We want to encourage enthusiastic, talented individuals to engage with research in obstetrics and gynaecology at any stage in their training.
In this section
To help you understand how you could get involved in research, we have compiled a summary of academic training opportunities across the UK.
The training pathways differ between the countries of the UK (see image below).
All of the clinical academic posts detailed above are also available for aspiring medical educators. Several universities offer distance-learning for certificates, diplomas and masters in medical education that can be completed alongside clinical work.
- Foundation years
- Out of programme (OOP) research opportunities
- Less than full time training and research opportunities (LTFT)
- Postgraduate research degree opportunities
- Academic speciality training programmes
- Advanced academic career posts (following a PhD/MD)
The NIHR Associate PI scheme (API) aims to develop doctors, nurses and other health professionals to become the Principal Investigators (PIs) of the future. It is a six month in-work training opportunity, providing practical experience for healthcare professionals starting their research career.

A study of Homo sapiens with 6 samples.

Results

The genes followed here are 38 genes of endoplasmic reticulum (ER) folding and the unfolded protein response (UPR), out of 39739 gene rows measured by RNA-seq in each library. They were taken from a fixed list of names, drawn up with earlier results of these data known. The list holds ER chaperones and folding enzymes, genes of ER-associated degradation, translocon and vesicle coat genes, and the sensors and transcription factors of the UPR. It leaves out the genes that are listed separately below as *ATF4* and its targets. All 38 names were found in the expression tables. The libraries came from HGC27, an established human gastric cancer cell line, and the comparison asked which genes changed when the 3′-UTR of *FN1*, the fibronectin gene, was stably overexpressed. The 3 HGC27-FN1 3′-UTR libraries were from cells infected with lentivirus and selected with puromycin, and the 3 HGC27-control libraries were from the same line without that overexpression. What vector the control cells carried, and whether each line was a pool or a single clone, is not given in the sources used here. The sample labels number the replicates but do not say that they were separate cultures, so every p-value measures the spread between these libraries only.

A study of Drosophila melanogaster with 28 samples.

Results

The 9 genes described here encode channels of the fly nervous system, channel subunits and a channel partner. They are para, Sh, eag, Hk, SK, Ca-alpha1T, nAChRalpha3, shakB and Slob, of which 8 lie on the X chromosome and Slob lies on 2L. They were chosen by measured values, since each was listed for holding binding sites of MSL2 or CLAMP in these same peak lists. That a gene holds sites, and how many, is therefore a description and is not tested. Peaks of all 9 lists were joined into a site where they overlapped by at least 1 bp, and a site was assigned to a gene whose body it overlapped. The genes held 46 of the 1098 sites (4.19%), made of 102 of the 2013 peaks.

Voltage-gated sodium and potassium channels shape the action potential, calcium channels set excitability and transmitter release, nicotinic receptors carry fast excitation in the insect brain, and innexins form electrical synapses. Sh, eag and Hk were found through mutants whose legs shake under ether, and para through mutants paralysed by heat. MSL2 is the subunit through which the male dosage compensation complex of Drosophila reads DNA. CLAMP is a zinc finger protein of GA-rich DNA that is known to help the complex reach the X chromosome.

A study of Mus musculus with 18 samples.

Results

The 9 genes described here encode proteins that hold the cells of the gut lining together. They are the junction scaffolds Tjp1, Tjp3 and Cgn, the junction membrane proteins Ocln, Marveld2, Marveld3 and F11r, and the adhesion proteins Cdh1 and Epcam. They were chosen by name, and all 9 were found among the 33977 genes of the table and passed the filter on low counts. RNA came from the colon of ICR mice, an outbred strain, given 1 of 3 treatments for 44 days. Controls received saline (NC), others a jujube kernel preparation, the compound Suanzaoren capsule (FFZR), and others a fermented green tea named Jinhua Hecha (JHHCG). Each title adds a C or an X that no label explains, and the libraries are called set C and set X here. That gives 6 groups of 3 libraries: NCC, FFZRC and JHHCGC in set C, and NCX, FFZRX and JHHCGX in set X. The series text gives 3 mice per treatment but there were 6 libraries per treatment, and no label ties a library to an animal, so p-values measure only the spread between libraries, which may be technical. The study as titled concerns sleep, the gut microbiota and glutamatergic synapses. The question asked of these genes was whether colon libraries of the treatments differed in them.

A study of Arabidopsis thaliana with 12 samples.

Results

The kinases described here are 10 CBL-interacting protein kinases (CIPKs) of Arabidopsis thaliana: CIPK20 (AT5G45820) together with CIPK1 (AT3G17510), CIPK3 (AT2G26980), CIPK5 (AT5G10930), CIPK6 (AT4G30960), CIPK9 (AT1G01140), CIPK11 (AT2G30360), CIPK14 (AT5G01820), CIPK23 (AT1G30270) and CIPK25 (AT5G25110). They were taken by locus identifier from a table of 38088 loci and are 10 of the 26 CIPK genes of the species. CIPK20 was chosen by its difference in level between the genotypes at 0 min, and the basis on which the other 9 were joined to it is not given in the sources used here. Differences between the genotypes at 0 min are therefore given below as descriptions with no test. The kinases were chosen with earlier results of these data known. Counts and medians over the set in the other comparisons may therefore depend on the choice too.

CRN Clinical Research scholar scheme (CRS) is designed to support NHS, public health and social care staff to develop skills as chief investigators and develop here own skills in research. (Article attached). There are schemes across each of the local CRN networks.
The NIHR RCOG e-learning for Obstetrics and Gynaecology aims to improve the clinical research knowledge and skills of health and social care professionals in O&G and in particular those who have not followed an academic career path or those who have had little or no experience of research delivery. A joint initiative between the RCOG and University of Birmingham the e-learning will develop the 4 modules to be hosted on the NIHR e learning portal. Modules will draw on specific examples of research in O&G. It is anticipated that the first modules will go live in early 2024.
The Royal College of Physicians has produced a research engagement toolkit, which provides advice on how to get involved in research at any stage in your career.
Read about the British Medical Association’s Women Role models in academic medicine, produced in celebration of International Women’s Day 2021.